Last Updated on May 7, 2015, by eNotes Editorial. Word Count: 809
Shelagh Delaney, who wrote A Taste of Honey at the age of eighteen, clearly drew on aspects of her own experience to create the world of the play. Like Jo, she grew up in a gritty Lancashire town and left school at sixteen to work at various menial jobs. By...
The play’s focus on life from Jo’s perspective comes at a price, however, and the scenes with Helen can give the audience an uneasy sense that the author is settling old scores. Helen always appears unsympathetic, with Jo her victim. Their dialogue sounds so real that it might have been quoted verbatim from actual quarrels between Delaney and her mother, unmodified by artistic insight. The male characters fare even worse than Helen. They float, shadowlike, at the periphery of Jo’s small world, fulfilling functions in the plot but having no real lives of their own. The audience does not even learn the name of Jo’s boyfriend until the second act, after he is long gone. Peter stands in for all the men who have cheated Jo of her mother’s affection over the years, while Geoff sets a standard of good mothering that Helen (or almost any real human being) could never actually achieve. The play shows all the characters as Jo sees them, almost exclusively in terms of their relationship to her. While this self-centered worldview has resonance for the adolescent in everyone, it could be said to lack the complex insights of a more mature artist.
A Taste of Honey nevertheless represents a remarkable achievement for a young woman writing her first play in the mid-1950’s, a time when “angry young men” were dominating the English theater. Following John Osborne’s Look Back in Anger (pr. 1956), plays about working-class life became enormously popular, but hardly any were given a female perspective. In these “kitchen-sink” dramas, women were usually nurturing mother surrogates, objects of frustrated male rage, or (quite often) both. How to be a real man in the postwar, welfare-state world remained the central question for an entire generation of new playwrights. Delaney had the originality to examine the same social milieu while focusing on working-class women.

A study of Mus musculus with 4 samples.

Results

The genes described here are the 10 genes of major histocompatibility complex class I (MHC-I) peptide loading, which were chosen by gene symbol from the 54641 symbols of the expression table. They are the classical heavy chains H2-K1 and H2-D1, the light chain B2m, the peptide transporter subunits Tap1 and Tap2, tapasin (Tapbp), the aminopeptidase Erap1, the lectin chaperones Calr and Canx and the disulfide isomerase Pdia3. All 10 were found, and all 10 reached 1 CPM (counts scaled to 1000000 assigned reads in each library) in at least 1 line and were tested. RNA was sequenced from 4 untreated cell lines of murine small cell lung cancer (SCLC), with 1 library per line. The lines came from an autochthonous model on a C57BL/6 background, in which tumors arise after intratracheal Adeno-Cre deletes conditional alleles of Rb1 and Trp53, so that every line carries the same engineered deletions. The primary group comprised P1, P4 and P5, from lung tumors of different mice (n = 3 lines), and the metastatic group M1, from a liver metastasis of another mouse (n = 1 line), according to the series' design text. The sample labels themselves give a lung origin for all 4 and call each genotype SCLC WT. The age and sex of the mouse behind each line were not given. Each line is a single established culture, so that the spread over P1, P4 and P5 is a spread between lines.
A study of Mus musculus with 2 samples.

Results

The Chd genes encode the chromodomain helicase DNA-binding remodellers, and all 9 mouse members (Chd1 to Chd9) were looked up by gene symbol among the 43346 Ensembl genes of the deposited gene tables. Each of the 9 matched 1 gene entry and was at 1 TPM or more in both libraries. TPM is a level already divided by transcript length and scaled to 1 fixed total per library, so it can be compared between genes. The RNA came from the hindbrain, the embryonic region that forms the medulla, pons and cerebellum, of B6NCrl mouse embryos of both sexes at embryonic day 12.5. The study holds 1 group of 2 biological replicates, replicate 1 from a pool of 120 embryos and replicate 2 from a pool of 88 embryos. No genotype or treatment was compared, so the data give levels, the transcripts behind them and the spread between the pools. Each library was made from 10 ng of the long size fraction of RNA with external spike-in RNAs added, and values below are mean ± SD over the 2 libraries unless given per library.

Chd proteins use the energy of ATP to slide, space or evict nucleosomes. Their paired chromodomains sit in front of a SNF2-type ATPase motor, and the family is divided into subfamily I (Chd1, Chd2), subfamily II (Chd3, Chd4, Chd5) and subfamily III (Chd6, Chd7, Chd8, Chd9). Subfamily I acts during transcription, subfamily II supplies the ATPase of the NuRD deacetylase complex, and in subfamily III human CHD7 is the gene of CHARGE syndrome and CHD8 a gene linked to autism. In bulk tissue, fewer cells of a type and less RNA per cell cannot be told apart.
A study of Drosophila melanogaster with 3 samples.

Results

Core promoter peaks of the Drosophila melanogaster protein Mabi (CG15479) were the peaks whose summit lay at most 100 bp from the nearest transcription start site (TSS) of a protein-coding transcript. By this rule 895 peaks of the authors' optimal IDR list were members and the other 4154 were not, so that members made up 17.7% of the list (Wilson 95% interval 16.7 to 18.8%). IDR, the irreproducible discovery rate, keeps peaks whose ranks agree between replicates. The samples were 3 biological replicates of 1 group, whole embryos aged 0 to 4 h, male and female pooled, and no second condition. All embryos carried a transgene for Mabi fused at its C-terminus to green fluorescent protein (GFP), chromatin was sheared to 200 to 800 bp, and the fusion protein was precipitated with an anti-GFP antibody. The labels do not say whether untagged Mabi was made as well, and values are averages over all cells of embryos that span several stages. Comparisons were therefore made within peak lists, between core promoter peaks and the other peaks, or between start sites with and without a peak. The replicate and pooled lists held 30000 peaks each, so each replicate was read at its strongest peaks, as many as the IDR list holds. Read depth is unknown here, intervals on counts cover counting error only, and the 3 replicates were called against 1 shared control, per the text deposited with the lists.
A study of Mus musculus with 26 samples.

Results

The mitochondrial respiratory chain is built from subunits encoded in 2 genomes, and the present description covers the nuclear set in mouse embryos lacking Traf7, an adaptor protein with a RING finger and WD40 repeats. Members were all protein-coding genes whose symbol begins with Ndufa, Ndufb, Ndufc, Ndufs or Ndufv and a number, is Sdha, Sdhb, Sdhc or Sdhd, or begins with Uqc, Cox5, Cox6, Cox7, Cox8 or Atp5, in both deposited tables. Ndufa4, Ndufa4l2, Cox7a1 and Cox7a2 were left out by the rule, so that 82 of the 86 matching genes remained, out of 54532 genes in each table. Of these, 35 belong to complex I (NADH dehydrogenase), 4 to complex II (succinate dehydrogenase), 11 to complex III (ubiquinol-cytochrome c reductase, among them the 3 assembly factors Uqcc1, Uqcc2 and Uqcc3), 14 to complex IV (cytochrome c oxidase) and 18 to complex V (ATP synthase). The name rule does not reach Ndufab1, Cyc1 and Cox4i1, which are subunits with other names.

Although A Taste of Honey won prizes, became a hit onstage and in film, and continues to be performed, Delaney’s contribution has been largely overlooked or marginalized. In the context of “angry” theater, her interest in women and mothering has been treated as less relevant than issues of masculine violence. Feminist theater criticism has considered Delaney a foremother who prefigured important themes but never achieved her full promise. Some, holding Delaney’s youth and inexperience against her, regard the play as a fluke and attribute its success mostly to director Joan Littlewood’s modifications and insights. The failure of Delaney’s subsequent play, The Lion in Love (pr. 1960), and her later abandonment of the stage have confirmed these opinions. She continued to write, however, primarily for television and film, a choice that seems reasonable given the way her work uses music and “cinematic” emotional close-ups. The high quality of her screenplay for the film Dance with a Stranger (1985) should refute charges that her early success was an accident. In her later works, Delaney retained her bitter humor, her insight into characters, especially women, and her impressive gift for pungent dialogue.
A Taste of Honey remains relevant for the way in which it focuses on women’s emotional struggles with motherhood and their sexuality. The similarities of Helen’s and Jo’s experiences (working in bars, pregnancy and single motherhood at an early age, desertion or rejection by men, bare economic subsistence) compellingly convey the tragic cycle of poverty, child neglect, and hopeless alienation from mainstream society, problems that certainly continued after the 1950’s. The play also marks one of the earliest positive stage portrayals of a gay male character; neither a joke nor a stereotype, Geoff retains his human dignity and freely nurtures those who need him. In addressing these issues, Delaney blazed a trail for other playwrights, both male and female.